The Disease to Please

There is a stupid disease that has never been diagnosed properly in many believers – the disease to please. This is the disease that causes us to do things that we really don’t want to do or that we know are not good for us – but we do them because we want to fit in and be one of the crowd, one of those considered “in,” “cool,” “with it.”

There is a basic human need to belong and to fit in. But this can take us places we do should not go if we are not careful and if we hang around the wrong people. Many teens first experiment with alcohol, drugs, and premarital sex in their teens just to feel normal, to feel that they belong. This happens to those who do not have a strong personal identity and/or a positively focused group to belong to.

Unfortunately, wanting to please our peers and doing whatever it takes to fit in does not end in our teens. We all want to feel like we are part of the right group – whoever we identify with or, more likely, want to be identified with. It is human nature to want to find our tribe, and be recognized by them. The problem – the disease – arises, however, when we are willing to compromise in two vital areas: (1) our relationship with God and (2) our relationship with ourselves.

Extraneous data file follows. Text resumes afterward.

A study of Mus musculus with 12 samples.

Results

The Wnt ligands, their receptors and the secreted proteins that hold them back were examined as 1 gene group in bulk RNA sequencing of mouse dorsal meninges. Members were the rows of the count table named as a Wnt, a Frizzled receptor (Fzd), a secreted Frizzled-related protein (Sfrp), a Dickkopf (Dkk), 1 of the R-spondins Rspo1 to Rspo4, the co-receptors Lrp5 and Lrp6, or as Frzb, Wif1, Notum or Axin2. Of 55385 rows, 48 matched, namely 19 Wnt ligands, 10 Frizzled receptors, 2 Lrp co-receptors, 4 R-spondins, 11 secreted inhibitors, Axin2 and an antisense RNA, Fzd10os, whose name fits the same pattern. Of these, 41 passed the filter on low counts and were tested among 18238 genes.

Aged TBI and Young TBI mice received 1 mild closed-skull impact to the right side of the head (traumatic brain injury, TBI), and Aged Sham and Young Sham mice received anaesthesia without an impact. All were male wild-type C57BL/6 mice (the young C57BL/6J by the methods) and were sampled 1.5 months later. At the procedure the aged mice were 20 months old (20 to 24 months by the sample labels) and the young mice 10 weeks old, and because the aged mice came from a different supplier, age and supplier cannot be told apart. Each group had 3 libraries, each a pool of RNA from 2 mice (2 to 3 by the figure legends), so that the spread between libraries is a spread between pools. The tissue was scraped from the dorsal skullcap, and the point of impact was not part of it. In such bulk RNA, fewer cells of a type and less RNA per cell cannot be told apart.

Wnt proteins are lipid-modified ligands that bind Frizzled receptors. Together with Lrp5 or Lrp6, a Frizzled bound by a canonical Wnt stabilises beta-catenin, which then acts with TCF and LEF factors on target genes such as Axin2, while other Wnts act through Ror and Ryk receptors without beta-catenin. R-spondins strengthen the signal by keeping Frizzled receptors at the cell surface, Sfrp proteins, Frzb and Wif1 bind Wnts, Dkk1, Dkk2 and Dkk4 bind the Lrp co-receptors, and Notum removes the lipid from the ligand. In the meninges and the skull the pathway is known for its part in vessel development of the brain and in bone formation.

These two are connected. We cannot really know ourselves – the real you – until you know the God who created you in His image. Who you are deep inside – the real you – is deeply connected to who God is. You only find yourself when you discover who you are in Christ. You only avoid the disease to please and remain healthy when you are in touch with your true inner being – the “you” God made you to be. This must be discovered and embraced to be healthy and whole and avoid this disease to please. And, it can only be discovered as you relate to the God that made you in His image.

When we fail to find ourselves and have a healthy self-image we tend to run with the crowd and thus compromise ourselves. We lose something very precious in this illusion we accept as reality: respect for ourselves and consistency of character. If we repeatedly choose to act in ways that contradict our beliefs and values, we undermine our own authenticity and integrity. Or as Paul expresses it in his letter to the Romans, “What I don’t understand about myself is that I decide one way, but then I act another, doing things I absolutely despise.” (7:13 The Message). We end up compartmentalizing fragments of our lives and then wondering why we don’t feel whole.

It is time to defeat the disease to please syndrome.